Fire it up

Anjali Jhangiani
Thursday, 28 June 2018

Chef Sahil Sabhlok, executive chef, The Westin Pune, tells us about the risky yet theatrical technique of flamb

There is a certain amount of drama brought by fire — be it throwing flames out of your guitar on stage, or using a flamed prop in your dance routine. Along the same line of thought exists the technique of flambé. To know more about why and how to set certain dishes and beverages on fire, we speak to Sahil Sabhlok, executive chef, The Westin Pune, Koregaon Park. 

“We serve a lot of flambé desserts. We also have flambé fruits. In House of Medici, we have a few cocktails that are flambéd. There definitely is a certain amount of theatrics that comes with the flames, but this process also has a distinct effect on the flavour of food. This is done to give your food a subtle flavour of liqueur, minus its potency. When you set the alcohol on fire before pouring it over the  dish, you’re reducing its potency, and what’s left is the distinct flavour of the liqueur,” says Sabhlok.

He points out that one needs to be absolutely confident about what liqueur one should use with what dish. This combination can be a successful one only if the flavour of the liqueur complements the taste of the dish. To figure out which liqueur to use for which dish, you have to do some flavour profiling — which, in other words, is just trial and error. 

First things first, safety. You don’t want to set your house on fire just to try flambéing a couple of crepes. In fact, Sabhlok feels that if you’re a first-timer with the technique, you shouldn’t try it in your home kitchen. “Nowadays, there are so many cooking classes and workshops available at various restaurants where chefs demonstrate these processes. If you’re interested, you should opt for one of these workshops and try it there first. Domestic kitchens are not equipped with fire extinguishers, and this process is a little risky, so it’s best if you try it out in a commercial kitchen,” he says.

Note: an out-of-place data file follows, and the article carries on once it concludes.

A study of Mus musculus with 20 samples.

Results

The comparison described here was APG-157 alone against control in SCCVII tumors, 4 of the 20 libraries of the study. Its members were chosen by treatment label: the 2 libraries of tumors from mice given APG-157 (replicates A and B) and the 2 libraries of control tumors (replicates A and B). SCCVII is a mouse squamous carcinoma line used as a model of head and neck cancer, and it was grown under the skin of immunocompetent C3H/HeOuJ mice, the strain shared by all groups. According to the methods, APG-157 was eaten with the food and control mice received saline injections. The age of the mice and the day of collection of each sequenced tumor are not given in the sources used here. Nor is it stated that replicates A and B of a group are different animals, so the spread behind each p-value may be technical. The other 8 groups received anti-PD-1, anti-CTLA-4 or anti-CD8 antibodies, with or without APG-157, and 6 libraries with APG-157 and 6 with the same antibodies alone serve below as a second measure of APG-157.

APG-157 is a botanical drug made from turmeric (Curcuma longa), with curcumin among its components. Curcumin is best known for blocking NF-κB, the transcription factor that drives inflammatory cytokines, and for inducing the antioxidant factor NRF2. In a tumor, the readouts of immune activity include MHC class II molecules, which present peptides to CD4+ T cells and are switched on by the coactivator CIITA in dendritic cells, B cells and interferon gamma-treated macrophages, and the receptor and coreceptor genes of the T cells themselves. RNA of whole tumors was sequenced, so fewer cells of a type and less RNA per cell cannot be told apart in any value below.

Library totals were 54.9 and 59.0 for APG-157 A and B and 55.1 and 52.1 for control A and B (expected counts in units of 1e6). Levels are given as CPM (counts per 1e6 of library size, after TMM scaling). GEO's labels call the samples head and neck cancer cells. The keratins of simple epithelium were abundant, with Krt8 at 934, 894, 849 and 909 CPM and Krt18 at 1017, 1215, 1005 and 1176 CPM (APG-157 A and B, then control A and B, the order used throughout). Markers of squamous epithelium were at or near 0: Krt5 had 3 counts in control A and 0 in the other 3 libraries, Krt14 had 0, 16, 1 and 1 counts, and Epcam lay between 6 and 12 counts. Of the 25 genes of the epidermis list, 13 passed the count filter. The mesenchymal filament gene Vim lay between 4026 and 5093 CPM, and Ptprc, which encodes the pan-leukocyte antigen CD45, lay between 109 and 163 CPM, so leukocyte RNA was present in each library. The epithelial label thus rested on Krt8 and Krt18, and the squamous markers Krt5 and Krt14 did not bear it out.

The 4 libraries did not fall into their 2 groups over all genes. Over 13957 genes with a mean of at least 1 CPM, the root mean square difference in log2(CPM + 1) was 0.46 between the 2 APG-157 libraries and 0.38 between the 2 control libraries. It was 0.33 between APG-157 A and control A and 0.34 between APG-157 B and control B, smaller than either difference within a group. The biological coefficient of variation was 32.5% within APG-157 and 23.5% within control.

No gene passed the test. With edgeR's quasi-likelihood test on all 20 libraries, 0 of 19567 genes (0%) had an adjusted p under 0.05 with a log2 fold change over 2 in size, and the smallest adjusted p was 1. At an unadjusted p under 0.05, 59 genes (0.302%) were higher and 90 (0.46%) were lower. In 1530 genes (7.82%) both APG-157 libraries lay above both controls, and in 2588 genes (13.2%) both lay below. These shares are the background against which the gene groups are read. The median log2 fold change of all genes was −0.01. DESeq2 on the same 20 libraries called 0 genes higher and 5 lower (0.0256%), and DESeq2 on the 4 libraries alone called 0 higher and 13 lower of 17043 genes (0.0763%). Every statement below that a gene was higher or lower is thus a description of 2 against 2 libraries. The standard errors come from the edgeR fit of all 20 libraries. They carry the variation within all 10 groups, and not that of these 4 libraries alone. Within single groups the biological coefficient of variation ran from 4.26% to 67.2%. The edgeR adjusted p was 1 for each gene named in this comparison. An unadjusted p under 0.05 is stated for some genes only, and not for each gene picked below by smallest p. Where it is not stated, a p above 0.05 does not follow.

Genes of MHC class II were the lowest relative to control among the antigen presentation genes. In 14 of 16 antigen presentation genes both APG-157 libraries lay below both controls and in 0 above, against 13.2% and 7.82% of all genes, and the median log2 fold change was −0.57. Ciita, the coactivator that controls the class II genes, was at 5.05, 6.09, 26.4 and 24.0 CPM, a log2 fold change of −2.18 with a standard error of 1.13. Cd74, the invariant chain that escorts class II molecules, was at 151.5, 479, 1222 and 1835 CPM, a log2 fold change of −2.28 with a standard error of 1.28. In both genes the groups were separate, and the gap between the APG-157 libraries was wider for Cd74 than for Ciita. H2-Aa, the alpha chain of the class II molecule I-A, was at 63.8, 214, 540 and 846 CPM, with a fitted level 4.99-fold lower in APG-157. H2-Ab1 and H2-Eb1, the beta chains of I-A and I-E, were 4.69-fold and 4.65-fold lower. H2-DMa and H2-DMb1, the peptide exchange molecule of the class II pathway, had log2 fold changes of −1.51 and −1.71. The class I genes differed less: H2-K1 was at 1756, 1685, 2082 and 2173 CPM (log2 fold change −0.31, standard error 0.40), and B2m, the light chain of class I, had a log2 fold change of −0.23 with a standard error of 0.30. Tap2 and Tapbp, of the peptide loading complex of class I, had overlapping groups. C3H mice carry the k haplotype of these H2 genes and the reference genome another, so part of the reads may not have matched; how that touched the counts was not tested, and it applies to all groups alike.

You have to be confidently correct about the amount of liqueur and the amount of time you let it burn before putting it on your dish. “If you let the alcohol burn for too long, and then pour it on something savoury, the chances of ending up with a charred flavour are pretty high. Even if it’s a dessert, the taste may go haywire. You are supposed to burn the liqueur enough to get rid of the volatile alcohol but retain the flavour so that it can enhance the taste of the dish,” says Sabhlok. 

You must be cautious at every step of this technique because it requires the use of highly inflammable liqueur which can go out of hand in a momentary slip. Alcohol with higher potency like cognac, rum, and brandy are often used for flambéing, but in some cuisines even those liqueurs with low potency are used. 

Chefs swear by the fact that the technique is used to impart a distinct flavour of the liqueur to the dish, and the drama that comes with it is just a bonus. But then, why not just marinate your ingredients in the liqueur instead of performing this risky act with fire? 

“Alcohol is used to marinate food when you want a strong taste of it. It seeps inside well and works as a tenderiser if you’re marinating meat. You opt for flambé when you want your dish to have a hint, a slight taste of the liqueur, not a strong overpowering one. Some of our Chinese dishes are flambéd with Chinese wine. In fact, in our Indian fine-dine restaurant, we have a variety of lamb kebabs that are flambéd with rum before it is served to the guests, just for an extra zing,” says Sabhlok.